Since time in memoriam the Muslim Community have in this country have adhered to the ‘halal' tradition in many aspects of life.
The definition of halal is anything that is legal or lawful for Muslims. The term ‘halal' is applied to many facets of life; and one of the most common uses of these terms is in reference to meat products, food contact materials, and pharmaceuticals
In terms of meat, this can apply to what kind of animal is used (not pigs, for instance) and the way they are killed: an animal must be healthy, the butcher must make a recitation dedicating it to God, and the jugular vein, carotid artery and windpipe are cut with a single swipe from a sharp knife. As with kosher meat, the idea is that the animal dies immediately and the blood drains away. The head of an animal that is slaughtered using halal methods is aligned with the Qiblah. In addition to the direction, permitted animal should be slaughtered in the name of Allah (the Lord) and the person who is slaughtering should be a Muslim and he/she should be in a good mental condition and faith. Dhabiha is the name given to this prescribed method of animal slaughter. Many similarities exist between Kosher and Halal and are safe to be consumed by either faith. Kosher food is food prepared in accordance with Jewish dietary laws. In their most "biblical" form, Jewish Dietary Laws state:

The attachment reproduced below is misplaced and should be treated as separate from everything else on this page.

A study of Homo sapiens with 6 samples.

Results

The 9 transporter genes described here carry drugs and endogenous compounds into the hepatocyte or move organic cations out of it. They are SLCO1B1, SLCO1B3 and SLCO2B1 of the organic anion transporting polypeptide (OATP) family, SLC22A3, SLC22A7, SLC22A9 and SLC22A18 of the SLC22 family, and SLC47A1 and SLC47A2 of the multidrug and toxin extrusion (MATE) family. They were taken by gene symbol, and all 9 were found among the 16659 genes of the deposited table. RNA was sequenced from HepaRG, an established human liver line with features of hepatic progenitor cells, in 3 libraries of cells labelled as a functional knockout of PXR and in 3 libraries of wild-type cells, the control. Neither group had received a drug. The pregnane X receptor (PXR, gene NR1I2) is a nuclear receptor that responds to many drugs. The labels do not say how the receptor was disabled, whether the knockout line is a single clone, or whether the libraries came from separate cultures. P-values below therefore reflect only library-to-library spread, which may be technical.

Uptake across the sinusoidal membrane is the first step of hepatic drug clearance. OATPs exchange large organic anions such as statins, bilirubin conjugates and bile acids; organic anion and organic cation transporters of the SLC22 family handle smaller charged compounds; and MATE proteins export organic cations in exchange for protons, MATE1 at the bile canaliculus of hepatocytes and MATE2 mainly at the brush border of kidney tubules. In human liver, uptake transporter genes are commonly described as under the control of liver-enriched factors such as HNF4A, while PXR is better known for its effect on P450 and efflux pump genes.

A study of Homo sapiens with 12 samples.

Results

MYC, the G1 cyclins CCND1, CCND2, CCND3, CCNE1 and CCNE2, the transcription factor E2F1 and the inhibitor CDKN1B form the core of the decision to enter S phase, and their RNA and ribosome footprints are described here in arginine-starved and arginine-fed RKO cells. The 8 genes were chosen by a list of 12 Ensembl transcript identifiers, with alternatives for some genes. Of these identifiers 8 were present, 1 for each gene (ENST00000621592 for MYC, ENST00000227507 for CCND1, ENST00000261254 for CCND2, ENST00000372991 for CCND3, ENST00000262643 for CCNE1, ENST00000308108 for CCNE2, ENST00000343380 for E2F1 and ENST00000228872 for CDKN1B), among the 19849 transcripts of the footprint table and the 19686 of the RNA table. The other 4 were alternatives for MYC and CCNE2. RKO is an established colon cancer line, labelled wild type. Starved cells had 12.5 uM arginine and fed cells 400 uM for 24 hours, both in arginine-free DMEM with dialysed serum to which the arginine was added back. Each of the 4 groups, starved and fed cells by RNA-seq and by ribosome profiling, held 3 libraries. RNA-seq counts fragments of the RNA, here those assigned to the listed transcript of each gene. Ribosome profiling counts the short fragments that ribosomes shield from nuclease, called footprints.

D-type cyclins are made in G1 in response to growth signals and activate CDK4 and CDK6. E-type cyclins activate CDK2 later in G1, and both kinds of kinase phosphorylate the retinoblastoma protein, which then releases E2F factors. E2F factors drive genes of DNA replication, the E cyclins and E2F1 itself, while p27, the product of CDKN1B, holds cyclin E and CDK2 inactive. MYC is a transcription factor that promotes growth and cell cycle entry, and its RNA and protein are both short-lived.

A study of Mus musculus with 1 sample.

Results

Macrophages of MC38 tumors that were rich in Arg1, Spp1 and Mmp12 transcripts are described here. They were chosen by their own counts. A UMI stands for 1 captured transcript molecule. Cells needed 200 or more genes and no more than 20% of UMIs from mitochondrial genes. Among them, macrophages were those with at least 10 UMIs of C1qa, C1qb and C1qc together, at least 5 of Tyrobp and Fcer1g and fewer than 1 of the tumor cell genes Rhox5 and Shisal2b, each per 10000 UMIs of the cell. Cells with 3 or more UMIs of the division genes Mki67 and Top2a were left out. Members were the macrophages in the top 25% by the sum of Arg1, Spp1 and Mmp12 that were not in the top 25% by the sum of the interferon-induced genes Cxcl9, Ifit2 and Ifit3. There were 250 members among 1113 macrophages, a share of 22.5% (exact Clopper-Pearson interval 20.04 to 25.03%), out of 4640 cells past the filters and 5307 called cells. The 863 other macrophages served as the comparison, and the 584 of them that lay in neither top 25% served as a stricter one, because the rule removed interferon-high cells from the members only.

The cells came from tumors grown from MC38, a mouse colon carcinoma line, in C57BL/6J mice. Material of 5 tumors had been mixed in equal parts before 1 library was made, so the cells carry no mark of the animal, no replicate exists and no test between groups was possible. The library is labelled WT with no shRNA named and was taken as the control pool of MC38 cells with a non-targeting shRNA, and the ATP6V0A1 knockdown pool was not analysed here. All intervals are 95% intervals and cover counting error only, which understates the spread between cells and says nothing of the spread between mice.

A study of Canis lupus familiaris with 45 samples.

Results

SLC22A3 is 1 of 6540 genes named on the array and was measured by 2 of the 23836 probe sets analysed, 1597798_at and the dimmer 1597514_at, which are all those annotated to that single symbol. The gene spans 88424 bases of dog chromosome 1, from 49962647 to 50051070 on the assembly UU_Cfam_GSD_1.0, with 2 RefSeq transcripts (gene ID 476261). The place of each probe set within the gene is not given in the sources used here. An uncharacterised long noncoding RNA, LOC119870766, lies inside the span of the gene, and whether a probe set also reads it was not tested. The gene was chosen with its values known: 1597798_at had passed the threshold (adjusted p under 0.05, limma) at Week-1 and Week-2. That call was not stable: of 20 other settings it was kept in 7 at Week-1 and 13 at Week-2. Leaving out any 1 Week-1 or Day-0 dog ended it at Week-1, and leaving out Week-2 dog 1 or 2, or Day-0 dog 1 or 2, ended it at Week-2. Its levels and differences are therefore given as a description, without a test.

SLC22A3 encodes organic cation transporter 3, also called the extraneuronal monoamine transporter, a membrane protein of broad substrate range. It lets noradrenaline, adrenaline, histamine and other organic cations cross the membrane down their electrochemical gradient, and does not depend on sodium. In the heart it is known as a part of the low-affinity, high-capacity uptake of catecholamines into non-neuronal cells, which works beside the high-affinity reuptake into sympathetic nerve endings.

Pork, rabbit, eagle, owl, catfish, sturgeon, and any shellfish, insect or reptiles are non-kosher. Other species of meat and fowl must be slaughtered in a prescribed manner to be kosher. Meat and dairy products may not be made or consumed together.
In India most meat is slaughtered Halal style except in the Sikh community which adopts the Jhatka method of slaughter. Thus Muslims and Sikhs refrain from eating meat in each other's homes as the style of slaughter differs. Most outlets and restaurants including fast food joints like KFC, McDonald's etc have halal style meat due to the large Muslim community.